Necessary Documents to Sell Your House
In order to separate fact from fiction, let’s answer a few common myths about the closing process and exactly what documents you need to keep – and which ones can be found for you in today’s electronic and digital age.
Documents Needed To Sell a House
There are a few documents needed to sell a house. The exact files needed vary by state, but below is a list of a few standard documents.
Title: Most states require documents proving ownership of the home. For example: the title, deed, and any surveys of the property.
Financing: Documents showing the mortgage and financing information.
Contract: The original sales contract including the price.
Taxes: Tax records showing the real estate and school taxes.
Improvements: Receipts for any repairs and upgrades made to the house, or receipts for items included in the home sale (refrigerator, washer, dryer, etc.)
HOA: If you area has a Homeowner’s Association (HOA), include any documents and information about the HOA.
Do I Need Title Deeds To Sell My House?
Many sellers ask the question, “Do I need title deeds to sell my house?” Yes, you’ll need the title and deed in order to transfer ownership of the home to the buyer.
This brings us to the first of 3 myths regarding what documents you need to sell a house…
Myth #1: You need to have a HARD copy of your Deed to sell a house.
This simply isn’t true thanks to the electronic world we live in today. Every property in each county has a copy of the property deed on file. The county often uses the deed and information in each file for calculating taxes each year.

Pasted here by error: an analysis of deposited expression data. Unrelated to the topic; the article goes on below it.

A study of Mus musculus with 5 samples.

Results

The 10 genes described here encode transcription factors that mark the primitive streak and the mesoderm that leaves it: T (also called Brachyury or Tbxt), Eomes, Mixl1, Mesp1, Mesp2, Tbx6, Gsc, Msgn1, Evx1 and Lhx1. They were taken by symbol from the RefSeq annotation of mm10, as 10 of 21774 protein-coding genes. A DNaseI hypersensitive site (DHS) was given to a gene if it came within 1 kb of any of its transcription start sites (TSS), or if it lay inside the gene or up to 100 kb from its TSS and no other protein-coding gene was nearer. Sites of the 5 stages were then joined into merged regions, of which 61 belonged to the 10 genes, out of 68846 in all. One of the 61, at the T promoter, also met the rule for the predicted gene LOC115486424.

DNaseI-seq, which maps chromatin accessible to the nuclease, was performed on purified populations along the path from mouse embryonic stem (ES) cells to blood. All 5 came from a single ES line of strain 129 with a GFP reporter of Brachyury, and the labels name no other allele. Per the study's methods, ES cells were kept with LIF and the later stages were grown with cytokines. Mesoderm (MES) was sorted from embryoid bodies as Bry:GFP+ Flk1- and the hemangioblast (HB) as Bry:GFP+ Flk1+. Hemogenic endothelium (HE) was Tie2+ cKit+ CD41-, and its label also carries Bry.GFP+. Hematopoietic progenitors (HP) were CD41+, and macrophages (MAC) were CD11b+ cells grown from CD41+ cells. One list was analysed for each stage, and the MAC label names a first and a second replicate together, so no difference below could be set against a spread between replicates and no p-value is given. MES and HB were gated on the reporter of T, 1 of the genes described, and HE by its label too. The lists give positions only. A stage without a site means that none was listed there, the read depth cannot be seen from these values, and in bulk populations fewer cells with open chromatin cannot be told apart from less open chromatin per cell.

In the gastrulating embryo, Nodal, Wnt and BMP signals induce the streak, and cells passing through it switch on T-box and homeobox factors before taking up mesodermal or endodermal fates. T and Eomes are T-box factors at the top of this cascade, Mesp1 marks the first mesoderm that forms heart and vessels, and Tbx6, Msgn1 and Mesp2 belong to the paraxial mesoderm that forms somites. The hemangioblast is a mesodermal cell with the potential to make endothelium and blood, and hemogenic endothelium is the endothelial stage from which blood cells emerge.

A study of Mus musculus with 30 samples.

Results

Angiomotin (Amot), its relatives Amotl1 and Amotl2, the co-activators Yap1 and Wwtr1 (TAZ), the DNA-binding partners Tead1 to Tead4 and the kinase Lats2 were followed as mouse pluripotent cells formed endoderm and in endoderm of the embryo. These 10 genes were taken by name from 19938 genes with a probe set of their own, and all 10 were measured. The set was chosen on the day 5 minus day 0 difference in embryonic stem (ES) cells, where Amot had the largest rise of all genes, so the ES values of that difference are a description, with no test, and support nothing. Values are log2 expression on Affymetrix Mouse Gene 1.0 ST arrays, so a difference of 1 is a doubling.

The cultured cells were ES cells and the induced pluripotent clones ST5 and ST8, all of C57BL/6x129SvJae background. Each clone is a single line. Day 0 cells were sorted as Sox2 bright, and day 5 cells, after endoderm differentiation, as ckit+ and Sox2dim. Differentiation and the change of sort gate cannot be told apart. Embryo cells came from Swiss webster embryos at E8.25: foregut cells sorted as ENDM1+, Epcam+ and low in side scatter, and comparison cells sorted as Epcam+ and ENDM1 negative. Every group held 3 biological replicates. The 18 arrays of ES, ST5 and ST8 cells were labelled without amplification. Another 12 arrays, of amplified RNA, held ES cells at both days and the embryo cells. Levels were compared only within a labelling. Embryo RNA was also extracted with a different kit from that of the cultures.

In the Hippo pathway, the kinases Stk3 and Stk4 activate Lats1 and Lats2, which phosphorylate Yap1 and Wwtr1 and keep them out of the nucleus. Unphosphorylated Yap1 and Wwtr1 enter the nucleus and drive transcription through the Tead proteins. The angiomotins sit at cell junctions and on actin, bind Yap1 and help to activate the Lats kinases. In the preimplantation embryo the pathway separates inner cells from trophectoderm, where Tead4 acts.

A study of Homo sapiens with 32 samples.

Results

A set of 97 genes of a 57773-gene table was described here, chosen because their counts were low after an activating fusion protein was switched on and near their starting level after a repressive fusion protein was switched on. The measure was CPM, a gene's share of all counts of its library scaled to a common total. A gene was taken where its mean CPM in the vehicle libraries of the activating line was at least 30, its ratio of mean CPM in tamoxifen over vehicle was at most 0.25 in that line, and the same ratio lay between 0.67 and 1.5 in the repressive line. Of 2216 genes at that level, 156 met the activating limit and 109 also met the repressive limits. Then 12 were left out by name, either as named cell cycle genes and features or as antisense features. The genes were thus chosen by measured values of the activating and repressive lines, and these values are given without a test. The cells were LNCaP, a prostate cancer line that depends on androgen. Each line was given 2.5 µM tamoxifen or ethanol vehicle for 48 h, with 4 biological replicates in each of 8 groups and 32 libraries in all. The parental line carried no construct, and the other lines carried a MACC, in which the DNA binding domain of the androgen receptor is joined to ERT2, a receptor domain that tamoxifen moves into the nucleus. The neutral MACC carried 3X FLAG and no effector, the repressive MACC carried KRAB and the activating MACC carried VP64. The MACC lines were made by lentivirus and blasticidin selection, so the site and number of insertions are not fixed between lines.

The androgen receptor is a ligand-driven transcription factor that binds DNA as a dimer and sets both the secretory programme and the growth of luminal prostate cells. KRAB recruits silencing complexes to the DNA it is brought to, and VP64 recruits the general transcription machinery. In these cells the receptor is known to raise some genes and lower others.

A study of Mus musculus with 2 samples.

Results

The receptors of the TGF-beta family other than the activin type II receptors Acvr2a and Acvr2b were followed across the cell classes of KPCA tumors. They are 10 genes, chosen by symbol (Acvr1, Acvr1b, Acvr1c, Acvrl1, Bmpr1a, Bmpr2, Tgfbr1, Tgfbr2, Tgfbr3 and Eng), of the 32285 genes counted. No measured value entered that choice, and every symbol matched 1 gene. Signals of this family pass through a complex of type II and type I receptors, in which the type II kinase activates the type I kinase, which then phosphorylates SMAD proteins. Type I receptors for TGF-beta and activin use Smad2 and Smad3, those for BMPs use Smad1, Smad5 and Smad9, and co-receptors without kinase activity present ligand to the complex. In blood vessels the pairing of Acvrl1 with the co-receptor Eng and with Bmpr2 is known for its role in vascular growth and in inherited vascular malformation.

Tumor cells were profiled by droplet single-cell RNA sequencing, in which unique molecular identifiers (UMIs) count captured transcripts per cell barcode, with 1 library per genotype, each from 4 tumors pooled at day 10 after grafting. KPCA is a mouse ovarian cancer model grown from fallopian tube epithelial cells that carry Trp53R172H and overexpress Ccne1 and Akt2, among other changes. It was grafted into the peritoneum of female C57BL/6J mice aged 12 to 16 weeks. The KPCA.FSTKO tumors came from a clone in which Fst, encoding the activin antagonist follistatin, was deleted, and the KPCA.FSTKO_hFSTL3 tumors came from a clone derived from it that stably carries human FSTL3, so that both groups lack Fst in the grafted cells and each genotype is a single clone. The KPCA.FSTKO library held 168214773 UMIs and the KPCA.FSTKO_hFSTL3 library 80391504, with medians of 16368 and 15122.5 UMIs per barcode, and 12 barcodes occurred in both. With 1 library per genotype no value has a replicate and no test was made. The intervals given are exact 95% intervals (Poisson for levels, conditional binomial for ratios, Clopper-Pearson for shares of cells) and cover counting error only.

How Do I Get The Deed To My House?
The law requires the county to keep digital copies on file for every property in the county. You can obtain a new copy of the deed by requesting one from your county registrar.
However, it’s not required that a homeowner brings their deed to any closing.
Do you need the original deeds to sell a house?
Sellers do not need the original copy of a deed to sell a house since the county will have this information. However, errors happen, and it’s best if you can keep a hard copy of your deed in case any electronic information is ever lost or corrupted.
When a property is going to be closed, the title company contacts the county and receives a certified copy of the deed as part of the closing procedures.
What is the difference between a title and a deed?
A “title” is just a simple way to say that you own the rights to something (meaning you have rights to your house and can use it as you see fit). Titles can be either full or partial ownership. On the other hand, a deed is a legal document that transfers ownership from one person to another.
Myth #2: You don’t need to keep copies of Liens or Payoff Letters.
The title company pulls a digital and certified copy of the home deed for closing. However, the same can’t be said about payoff letters or property liens that have been filed. The mortgage company, not the title company, usually handles this.
Quite often mortgage companies forget to complete this step. As a result, the title company needs to hunt this information down. This can significantly impact your ability to sell a property or delay closing. Deeds and payoff letters are often filed electronically. However, keeping physical documentation on liens or payoff letters helps expedite a quick sale.
Myth #3: You have to Pay Property Taxes before Selling your Home.
When you are selling a property, many people assume they need to pay the property taxes for the year prior to closing. The truth is that the title company will pay taxes at closing from the proceeds of the property sale.
Many counties process taxes slowly. Paying the taxes in full in advance may cause delays while the title company verifies the correct amount owed.
If you have more questions about real estate documents needed for selling your home, K&G Investments can help answer them.